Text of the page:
Here are the general steps you can follow:

  1. Install OpenSSL on your local machine, if it is not already installed. OpenSSL is a command-line tool used to generate the certificate.
  2. Generate a self-signed certificate using the following command:
openssl req -x509 -nodes -days 365 -newkey rsa:2048 -keyout localhost.key -out localhost.crt

This command will generate a private key (localhost.key) and a self-signed certificate (localhost.crt) that is valid for 365 days. During the process, you’ll be prompted to enter some information about the certificate, such as the Common Name (CN), which should be set to localhost in this case.

  1. Move the localhost.key and localhost.crt files to a directory that Nginx can access. For example, you can create a new directory called ssl in your Nginx configuration directory and move the files there:
sudo mkdir /etc/nginx/ssl
sudo mv localhost.key localhost.crt /etc/nginx/ssl/
  1. Update your Nginx configuration to use the SSL certificate. Here’s an example server block:
server {
    listen 443 ssl;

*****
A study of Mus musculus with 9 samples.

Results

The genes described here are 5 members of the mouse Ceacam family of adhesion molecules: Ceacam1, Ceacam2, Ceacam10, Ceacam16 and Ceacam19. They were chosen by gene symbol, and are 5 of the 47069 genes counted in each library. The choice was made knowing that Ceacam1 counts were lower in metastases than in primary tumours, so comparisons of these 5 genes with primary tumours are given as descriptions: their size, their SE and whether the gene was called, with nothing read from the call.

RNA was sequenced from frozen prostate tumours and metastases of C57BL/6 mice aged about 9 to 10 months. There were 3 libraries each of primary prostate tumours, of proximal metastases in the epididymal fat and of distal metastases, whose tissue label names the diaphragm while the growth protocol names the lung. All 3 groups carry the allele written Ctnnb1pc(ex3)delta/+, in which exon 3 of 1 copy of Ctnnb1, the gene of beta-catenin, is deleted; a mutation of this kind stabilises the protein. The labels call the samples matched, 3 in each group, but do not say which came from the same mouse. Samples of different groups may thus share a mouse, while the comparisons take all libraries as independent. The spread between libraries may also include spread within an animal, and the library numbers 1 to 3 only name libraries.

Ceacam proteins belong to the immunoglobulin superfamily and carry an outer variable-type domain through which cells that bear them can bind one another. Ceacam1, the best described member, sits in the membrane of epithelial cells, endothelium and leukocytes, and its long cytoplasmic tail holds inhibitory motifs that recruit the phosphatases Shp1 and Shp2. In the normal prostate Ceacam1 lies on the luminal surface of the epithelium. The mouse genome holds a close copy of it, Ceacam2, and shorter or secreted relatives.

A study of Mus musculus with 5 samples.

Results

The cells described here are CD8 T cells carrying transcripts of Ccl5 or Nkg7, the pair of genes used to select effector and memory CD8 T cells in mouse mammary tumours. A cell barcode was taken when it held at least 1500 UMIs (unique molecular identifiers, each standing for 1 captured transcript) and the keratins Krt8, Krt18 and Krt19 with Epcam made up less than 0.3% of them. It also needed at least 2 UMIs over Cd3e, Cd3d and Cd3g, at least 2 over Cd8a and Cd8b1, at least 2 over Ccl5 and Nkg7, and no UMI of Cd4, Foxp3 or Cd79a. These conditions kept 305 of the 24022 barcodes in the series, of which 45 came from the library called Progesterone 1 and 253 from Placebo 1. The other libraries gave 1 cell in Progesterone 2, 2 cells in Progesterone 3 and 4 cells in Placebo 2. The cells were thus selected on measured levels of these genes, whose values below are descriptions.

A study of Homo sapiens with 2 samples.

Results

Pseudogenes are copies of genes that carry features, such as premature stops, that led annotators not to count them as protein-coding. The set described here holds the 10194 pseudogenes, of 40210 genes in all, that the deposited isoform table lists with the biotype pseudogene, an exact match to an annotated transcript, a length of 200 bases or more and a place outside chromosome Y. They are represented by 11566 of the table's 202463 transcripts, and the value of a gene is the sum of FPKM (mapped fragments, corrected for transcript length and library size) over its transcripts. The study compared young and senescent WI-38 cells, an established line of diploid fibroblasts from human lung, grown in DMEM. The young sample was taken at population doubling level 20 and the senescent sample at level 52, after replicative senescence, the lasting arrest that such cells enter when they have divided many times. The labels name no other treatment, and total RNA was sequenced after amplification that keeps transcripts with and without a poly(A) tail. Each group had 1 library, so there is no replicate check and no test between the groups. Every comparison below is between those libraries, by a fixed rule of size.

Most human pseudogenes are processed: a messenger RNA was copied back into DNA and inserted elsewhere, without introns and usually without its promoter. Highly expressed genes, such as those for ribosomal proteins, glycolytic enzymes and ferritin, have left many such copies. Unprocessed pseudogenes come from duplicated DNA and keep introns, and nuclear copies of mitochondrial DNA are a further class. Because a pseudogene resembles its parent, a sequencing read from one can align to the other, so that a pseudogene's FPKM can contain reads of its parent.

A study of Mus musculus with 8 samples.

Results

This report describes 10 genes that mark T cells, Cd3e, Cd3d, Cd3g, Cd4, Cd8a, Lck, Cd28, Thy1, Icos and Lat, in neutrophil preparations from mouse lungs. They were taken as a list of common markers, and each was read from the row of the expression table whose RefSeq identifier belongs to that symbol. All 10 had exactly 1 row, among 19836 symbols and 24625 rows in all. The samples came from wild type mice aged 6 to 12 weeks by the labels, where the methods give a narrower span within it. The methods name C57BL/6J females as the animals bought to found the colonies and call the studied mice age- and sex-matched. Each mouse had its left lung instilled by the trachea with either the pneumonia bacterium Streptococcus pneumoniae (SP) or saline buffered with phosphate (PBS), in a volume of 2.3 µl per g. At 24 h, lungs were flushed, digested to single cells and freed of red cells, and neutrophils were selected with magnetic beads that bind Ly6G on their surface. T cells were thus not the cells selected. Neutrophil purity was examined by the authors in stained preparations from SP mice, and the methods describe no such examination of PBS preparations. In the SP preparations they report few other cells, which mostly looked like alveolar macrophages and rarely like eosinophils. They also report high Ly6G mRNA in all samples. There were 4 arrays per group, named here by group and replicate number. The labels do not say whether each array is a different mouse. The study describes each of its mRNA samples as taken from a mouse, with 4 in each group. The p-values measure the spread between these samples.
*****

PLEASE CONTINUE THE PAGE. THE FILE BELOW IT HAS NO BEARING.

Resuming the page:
server_name localhost;

    ssl_certificate /etc/nginx/ssl/localhost.crt;
    ssl_certificate_key /etc/nginx/ssl/localhost.key;

    location / {
        root /var/www/html;
        index index.html;

This server block configures Nginx to listen on port 443 (HTTPS), use the SSL certificate, and serve files from the /var/www/html directory. Replace this with your own configuration as needed.

  1. Restart Nginx to apply the changes:
sudo systemctl restart nginx

You should now be able to access your local Nginx server over HTTPS by visiting https://localhost in your web browser. Note that since this is a self-signed certificate, your browser will likely show a warning about the site’s security. You can safely ignore this warning since you generated the certificate yourself.